Roses in bloom at Castlemaine Botanical Gardens.

The Castlemaine Botanical Gardens is one of the best places to appreciate and celebrate late spring and early summer. Come and lounge on lush green lawns, pack a picnic and find a shady spot under one of our many heritage trees, and discover the variety of plant species that grow in our local climate.

Tuesday 24 November 2020

The Castlemaine Botanical Gardens is one of the best places to appreciate and celebrate late spring and early summer. Come and lounge on lush green lawns, pack a picnic and find a shady spot under one of our many heritage trees, and discover the variety of plant species that grow in our local climate.

According to Mount Alexander Shire Council's Team Leader Botanical Gardens & Urban Horticulture Sandra Hodge, there are five ways to enjoy the Castlemaine Botanical Gardens now:

Roses in bloom
There’s no better place to ‘stop and smell the roses’, with a unique, colourful and fragrant display of these much-loved plants at this time of year.

The rose garden within the Castlemaine Botanical Gardens is listed on the Victorian Heritage Register, and is comprised largely of Hybrid tea and Floribunda roses from the mid-1950s to 1960s. The garden was planted in alphabetical order, and is located near the tearooms carpark.

Another much-loved rose in our landscape is the drought-tolerant Rosa rugosa, commonly known as the Japanese Rose or Beach Rose. With origins in Japan, Korea, Siberia and China, the Rosa rugosa is characterised by large, single flowers on a hardy, dense shrub.

The rose buds from Rosa rugosa are used for medicinal purposes in Chinese medicine, and also dried to make jam and tea. With such valuable and practical applications, you can easily forgive them for the abundant needle-like thorns that are found on their stems!

You can see Rosa rugosa planted as a hedge around the fountain at the entrance of the gardens.

Sustainable trees
Get up close to feel the thick, textured bark of the mighty tree, Quercus suber, commonly called the Cork oak.

Native to southwest Europe and northwest Africa, the bark from the tree is used in many everyday products, such as oil and wine bottle corks, shoes, and musical instruments.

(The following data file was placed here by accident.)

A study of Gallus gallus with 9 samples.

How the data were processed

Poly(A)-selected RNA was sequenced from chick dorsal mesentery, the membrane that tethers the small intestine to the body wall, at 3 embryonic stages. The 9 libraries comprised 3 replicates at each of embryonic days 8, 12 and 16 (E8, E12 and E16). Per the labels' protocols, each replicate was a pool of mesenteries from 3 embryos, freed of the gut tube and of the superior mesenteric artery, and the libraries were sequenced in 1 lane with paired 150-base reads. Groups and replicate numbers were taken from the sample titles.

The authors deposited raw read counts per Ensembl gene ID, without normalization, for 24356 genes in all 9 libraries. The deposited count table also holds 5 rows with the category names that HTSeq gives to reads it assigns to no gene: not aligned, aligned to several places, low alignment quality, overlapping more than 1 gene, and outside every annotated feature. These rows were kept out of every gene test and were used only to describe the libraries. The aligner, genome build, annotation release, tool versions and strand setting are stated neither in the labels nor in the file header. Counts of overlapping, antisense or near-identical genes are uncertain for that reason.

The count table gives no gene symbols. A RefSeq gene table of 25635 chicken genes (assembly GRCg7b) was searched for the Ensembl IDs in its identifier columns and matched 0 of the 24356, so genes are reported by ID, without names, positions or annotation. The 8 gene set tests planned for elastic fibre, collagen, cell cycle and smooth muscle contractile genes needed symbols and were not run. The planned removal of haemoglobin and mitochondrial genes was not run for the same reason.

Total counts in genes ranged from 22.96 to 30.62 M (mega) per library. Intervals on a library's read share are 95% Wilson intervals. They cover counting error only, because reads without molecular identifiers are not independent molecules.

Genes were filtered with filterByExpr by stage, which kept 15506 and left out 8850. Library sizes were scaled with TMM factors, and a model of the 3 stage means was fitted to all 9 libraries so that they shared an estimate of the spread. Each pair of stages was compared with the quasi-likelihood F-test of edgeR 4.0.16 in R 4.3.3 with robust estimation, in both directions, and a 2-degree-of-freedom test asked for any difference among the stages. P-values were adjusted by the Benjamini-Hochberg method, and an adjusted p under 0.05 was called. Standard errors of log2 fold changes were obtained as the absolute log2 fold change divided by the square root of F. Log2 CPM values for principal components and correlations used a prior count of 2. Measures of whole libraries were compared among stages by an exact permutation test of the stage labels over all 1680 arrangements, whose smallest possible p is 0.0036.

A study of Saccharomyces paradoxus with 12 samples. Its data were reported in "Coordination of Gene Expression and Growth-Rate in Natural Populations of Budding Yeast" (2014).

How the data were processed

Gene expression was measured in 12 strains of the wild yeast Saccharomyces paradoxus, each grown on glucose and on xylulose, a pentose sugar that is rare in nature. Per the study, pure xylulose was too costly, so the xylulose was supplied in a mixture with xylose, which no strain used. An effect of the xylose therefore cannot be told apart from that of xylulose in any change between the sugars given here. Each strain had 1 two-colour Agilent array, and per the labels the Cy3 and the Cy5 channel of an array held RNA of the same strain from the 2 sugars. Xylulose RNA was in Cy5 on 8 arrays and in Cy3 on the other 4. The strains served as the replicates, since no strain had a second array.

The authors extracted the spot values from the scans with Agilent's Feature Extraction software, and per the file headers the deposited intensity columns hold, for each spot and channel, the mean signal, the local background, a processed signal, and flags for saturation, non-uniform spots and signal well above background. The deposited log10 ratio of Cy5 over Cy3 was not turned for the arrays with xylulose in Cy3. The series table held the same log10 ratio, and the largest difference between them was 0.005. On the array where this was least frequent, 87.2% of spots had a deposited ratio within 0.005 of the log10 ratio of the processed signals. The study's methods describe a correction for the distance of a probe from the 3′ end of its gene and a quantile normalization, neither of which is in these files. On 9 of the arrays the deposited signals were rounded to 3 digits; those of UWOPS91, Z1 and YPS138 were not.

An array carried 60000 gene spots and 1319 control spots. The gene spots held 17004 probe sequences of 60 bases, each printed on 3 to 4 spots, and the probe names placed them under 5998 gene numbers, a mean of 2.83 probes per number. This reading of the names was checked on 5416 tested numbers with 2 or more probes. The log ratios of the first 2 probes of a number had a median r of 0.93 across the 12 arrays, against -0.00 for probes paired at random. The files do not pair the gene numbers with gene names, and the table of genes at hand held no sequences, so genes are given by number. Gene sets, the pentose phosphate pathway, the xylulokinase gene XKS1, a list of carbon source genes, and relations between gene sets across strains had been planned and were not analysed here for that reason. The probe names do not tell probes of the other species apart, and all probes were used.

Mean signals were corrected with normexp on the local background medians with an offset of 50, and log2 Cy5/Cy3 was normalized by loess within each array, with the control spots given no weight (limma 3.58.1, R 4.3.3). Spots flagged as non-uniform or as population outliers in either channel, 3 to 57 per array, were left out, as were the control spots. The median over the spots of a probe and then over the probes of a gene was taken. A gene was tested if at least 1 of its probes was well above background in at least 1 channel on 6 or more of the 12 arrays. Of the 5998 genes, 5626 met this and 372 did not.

These remarkable trees are related to Beech and Chestnut trees, and can grow up to 20 metres tall. Their thick bark is more fire-resistant than many other trees and protects them from forest fires, classing them as Pyrophyte.

Living for up to 250 years the Cork oak is distinctive in its ability to regenerate its outer bark. After a tree reaches 25 years of age, the cork can be harvested once every 7 to 10 years without causing damage to the tree.
To help protect this unique and renewable tree species, it’s important to source your cork products from sustainably grown Cork oak forests, which are grown for this purpose and harvested by hand.

You can find Cork oak trees throughout the Castlemaine Botanical Gardens, with a fantastic specimen located in the northern end of the gardens, next to the path and just past the playground.

Indigenous plants
The Castlemaine Botanical Gardens are home to many beautiful and important indigenous plants.

Visit the Chocolate Lillies (Arthropodium strictum) in the indigenous garden beds near the tearooms, along with the delightful golden flowers of the Clustered Everlasting (Chrysocephalum semipappossum) and Sticky Everlasting (Xerochrysum viscosum).

As the day warms, the stunning pink flowers of the Chocolate Lillies offer a mouth-watering fragrance, with their flowers providing much-needed nectar and seed for our many indigenous insects and birds. Part of the Asparagus family, the tubers of the Chocolate Lillies are traditionally harvested as a food crop by First Nations peoples throughout Victoria.

Both the Sticky Everlasting and Clustered Everlasting are two hardy plants in the Asteraceae, or daisy family. They love sunny positions, and don’t require much maintenance at all. Like many of the native daisies, the Sticky Everlasting attracts one of the largest and most colourful butterflies – The Australian Painted Lady.

Indigenous plants not only provide colour and texture to the gardens, they also support populations of native butterflies, wildlife, and birds which can be seen at this time of year.

Annual displays
Our annual beds provide a living canvas to showcase short-lived plants en-masse, and were first installed in the gardens in the 1920s.

Displays are changed twice a year, with our current exhibition designed by Council’s third-year apprentice Matthew Gray.

Matthew’s design incorporates the use of traditional bedding plants such as Salvia ‘Victoria Blue’, Petunia ‘Explorer Purple’, Marigold ‘Tashan Yellow’ and Coleus ‘Rainbow Masterblend’, and promises to be a colourful display this Summer.

Implementing his design within the Castlemaine Botanical Gardens is an opportunity for the next generation of horticulturalists to develop knowledge and skills in areas such as research, bed preparation, design, plant selection and timing.

The pleasure of perennials
Many perennials flower at their peak during spring and summer, including the drought-tolerant Jerusalem Sage or Lampwick plant (Phlomis fruiticosa).

Whorls of golden tubular flowers adorn this semi-evergreen shrub, followed by decorative seed heads later in the season.

Like many perennials, this plant can be cut back after flowering to produce another flush of flowers and propagated by division, cuttings or seed.

Originating from the Mediterranean and belonging to the Lamiaceae family, it’s well suited to our local climate.

Take a wander around Lake Joanna and opposite the fountain near the entrance of the gardens to see the plant growing in beds.